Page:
Access to Fully-Automatic Weapons Long, Extensive Process

AUSTIN, Texas - Following the deadly shooting in Las Vegas, questions remain about the weapons used by the gunman.

Officials said Stephen Paddock, 64, opened fire on a crowd of concert-goers, killing at least 59, and injuring more than 500.

Law enforcement reports indicated that Paddock had more than 16 guns in his hotel room, as well as 18 in his Nevada home.

Experts say getting access in Texas to the kind of weapons the shooter may have used is an extensive process.

"It takes 6 to 12 months for the appropriate licensing to come in, from the ATF [Bureau of Alcohol, Tobacco, Firearms, and Explosives], you have to have a clean criminal background of course," said Kent Morrison, who owns private security company BSG Security Services.

"And [fully-automatic weapons] are also very costly. They are $15,000 plus, as high as $45,000 in some cases, pretty easily," Morrison said.

Semi-automatic weapons are far easier to obtain, Morrison said. Though, the shooter would likely have had to illegally modify it to yield the rapid-fire effect that was heard by many on eyewitness video of the massacre.

"There is no way to legally modify or manufacture modern semi-automatic rifles into a full auto. There has not been an allowance for that, unless you become a firearms manufacturer," Morrison said.

Former Texas Land Commissioner Jerry Patterson authored the state's concealed carry laws in 1995 as a state senator.

"You can’t defend against every circumstance," he explained. "We need to figure out how we can keep the nut-jobs away from guns, and we need to recognize that no system is foolproof because this guy had no evidence of being a nut job."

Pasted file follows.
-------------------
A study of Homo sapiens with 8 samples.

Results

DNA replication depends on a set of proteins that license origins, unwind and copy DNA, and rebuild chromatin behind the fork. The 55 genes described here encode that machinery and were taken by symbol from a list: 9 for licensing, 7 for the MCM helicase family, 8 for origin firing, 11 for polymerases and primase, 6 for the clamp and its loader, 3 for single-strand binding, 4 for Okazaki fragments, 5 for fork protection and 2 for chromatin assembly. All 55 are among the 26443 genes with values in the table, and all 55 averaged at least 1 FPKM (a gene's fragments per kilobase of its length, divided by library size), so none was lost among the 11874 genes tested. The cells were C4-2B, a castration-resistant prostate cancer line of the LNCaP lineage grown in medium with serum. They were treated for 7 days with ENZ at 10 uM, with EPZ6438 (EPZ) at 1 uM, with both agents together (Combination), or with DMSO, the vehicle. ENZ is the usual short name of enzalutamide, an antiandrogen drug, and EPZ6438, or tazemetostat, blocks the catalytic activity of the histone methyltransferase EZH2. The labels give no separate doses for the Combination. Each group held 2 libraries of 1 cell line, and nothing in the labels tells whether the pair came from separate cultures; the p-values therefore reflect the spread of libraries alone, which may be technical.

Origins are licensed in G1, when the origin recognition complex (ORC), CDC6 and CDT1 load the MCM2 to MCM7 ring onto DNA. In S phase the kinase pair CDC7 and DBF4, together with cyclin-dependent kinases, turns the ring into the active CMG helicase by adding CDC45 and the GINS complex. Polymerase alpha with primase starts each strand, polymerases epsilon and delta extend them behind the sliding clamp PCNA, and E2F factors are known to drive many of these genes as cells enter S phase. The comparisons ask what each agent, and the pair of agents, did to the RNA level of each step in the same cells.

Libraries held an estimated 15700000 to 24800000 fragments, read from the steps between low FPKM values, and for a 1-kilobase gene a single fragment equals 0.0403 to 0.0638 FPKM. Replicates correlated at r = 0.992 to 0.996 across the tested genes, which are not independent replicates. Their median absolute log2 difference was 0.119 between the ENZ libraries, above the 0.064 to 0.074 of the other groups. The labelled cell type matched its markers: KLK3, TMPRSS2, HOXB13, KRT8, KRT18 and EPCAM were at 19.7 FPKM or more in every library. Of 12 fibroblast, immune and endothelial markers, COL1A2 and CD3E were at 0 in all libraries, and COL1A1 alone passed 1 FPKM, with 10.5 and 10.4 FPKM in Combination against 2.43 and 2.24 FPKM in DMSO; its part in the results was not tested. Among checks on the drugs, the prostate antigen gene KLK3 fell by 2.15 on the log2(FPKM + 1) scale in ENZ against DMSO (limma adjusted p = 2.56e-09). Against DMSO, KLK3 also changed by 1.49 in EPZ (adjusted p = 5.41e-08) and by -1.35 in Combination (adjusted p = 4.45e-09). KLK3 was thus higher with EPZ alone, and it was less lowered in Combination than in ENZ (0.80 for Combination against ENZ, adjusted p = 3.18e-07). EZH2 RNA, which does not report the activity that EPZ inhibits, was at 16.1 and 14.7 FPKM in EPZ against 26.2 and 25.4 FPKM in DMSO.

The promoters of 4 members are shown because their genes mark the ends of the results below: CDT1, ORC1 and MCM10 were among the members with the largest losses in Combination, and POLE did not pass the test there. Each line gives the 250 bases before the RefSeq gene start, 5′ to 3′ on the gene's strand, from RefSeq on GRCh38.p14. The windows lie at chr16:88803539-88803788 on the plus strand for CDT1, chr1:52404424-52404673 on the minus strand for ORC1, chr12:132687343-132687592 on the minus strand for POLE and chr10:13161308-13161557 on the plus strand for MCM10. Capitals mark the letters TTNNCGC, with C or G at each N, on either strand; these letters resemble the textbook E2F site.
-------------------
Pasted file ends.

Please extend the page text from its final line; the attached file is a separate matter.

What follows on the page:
Patterson said he listened to recordings from from the scene, and believes the weapon was fully-automatic.

"I don’t think you can fire that cyclic rate of fire by pulling a trigger each time," he said.
Ed Scruggs, vice chair of Texas Gun Sense, an organization that supports tighter restrictions on guns, said this incident proves his mission.

"Obviously for something to happen like Las Vegas, just like Orlando, just like Newtown, there is a problem," he stated. "We have a problem, and whatever we’re doing now, which is not much, it’s not working."

"We certainly believe that there are things we can do across the country relating to gun violence that we're not doing," Scruggs said.

"It’s just too easy to amass this type of weaponry," he added.

Morrison said most weapons legally-obtained are not used for criminal activity. "There are, to the best of our knowledge, three recorded instances since 1934 of legally-owned full-autos used in the commission of a crime," he said.